Why does English not coin a word for New Zealanders’ nationality like making “New Zealand” as “Zeal,” (then) &/or adding to “Zeal” “i-s-h” or “i-a-n?”

By: | Post date: 2016-04-28 | Comments: 2 Comments
Posted in categories: English, Linguistics

Apart from the more reasonable answers from other respondents:

English speakers can tell that the land in Zealand means land. (And they’re right.) They see that it’s Zealand not Zealland, so they’re not prompted to go from Zeal-(l)and to the backformation Zeal. Even if they were, zeal already means something in English.

So instead, Zealand would end up going to Zea. If you think that looks suspiciously like Sea, you’re right: it’s named after the underwater bit of the Netherlands, Zeeland.

Luctor et Emergo: Latin for “glug glug glug”.

So they can kinda tell that Zealand is the land of the sea, and not the land of the Zeas. And they don’t want to start calling New Zuhluhnders Zeas, or Zealanders.

That kind of back formation can happen: Austral is very common as a brandname in Australia (and they’re not thinking of the obscure Latinate word for “south”). But that kind of back formation needs the root stem to make sense in the context of the rest of the language, and not to be so short as to not remind people of the source word. Neither Zeal nor Zea qualify.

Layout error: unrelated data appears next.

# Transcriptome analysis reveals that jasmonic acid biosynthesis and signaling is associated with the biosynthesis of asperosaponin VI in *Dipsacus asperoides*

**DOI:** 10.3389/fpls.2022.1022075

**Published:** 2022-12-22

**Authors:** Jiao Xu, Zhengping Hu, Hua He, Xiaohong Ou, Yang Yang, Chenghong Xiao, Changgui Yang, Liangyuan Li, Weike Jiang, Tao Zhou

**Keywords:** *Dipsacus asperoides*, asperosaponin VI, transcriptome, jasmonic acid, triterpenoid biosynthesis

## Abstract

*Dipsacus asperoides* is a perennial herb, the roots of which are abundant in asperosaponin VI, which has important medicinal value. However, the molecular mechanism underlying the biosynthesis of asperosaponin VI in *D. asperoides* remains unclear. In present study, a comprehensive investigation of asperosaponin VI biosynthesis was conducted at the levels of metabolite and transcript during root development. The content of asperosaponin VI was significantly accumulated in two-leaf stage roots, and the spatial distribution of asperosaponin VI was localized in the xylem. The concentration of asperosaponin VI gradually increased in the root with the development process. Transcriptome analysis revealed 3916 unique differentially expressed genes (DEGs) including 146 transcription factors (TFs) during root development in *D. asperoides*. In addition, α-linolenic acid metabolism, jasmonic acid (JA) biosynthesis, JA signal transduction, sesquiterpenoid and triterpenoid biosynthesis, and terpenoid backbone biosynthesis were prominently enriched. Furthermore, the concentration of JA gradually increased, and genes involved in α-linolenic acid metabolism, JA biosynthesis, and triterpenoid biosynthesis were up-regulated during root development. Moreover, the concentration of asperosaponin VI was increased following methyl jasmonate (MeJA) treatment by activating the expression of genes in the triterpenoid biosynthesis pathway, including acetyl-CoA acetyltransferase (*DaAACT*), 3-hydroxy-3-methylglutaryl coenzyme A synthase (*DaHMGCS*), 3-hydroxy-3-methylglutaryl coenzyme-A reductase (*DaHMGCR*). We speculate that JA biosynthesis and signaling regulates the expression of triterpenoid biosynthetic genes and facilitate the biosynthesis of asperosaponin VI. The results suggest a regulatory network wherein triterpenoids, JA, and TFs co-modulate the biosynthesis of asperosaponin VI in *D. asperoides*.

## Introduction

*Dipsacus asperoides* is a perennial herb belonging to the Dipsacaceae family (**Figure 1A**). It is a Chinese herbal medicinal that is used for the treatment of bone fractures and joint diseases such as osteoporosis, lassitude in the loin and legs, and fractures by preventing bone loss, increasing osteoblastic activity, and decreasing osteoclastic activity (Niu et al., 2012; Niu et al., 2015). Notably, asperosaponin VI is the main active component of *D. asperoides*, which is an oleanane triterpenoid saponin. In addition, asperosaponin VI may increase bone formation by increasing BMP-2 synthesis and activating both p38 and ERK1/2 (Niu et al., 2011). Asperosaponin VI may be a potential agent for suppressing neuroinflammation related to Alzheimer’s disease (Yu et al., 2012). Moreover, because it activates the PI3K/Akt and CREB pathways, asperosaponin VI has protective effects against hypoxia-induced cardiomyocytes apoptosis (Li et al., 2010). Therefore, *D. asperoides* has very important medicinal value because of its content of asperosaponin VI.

• John Cowan says:

    Besides, there is already a word for Kiwis. People who live in Poughkeepsie, N.Y. were traditionally known as Dorpians, from Dutch dorp ‘village’ (English cognate thorpe). People who live in Independence, Missouri, aren’t traditionally known by any demonym.

    • Dorpians: cute!

      Demonyms are an flexional language thing, of course, and the diversity and unpredictability of possible demonyms in Greek led to Stephanus of Byzantium’s Ethnica—a 6th century dictionary of ethonyms which has ended up an important source of knowledge about Classical geography, since the towns corresponding to the ethnonyms are not all well-recorded.

      The vacillation between Melburnian and Melburnite is not unique to English; Greek could change its mind too. In fact, Cypriot is the old ethnonym of Cyprus, which is attested in the Erotokritos Romance (early 17th century: Κυπριώτης), but which has since been displaced by vernacular Κυπραίος/Learned Κύπριος.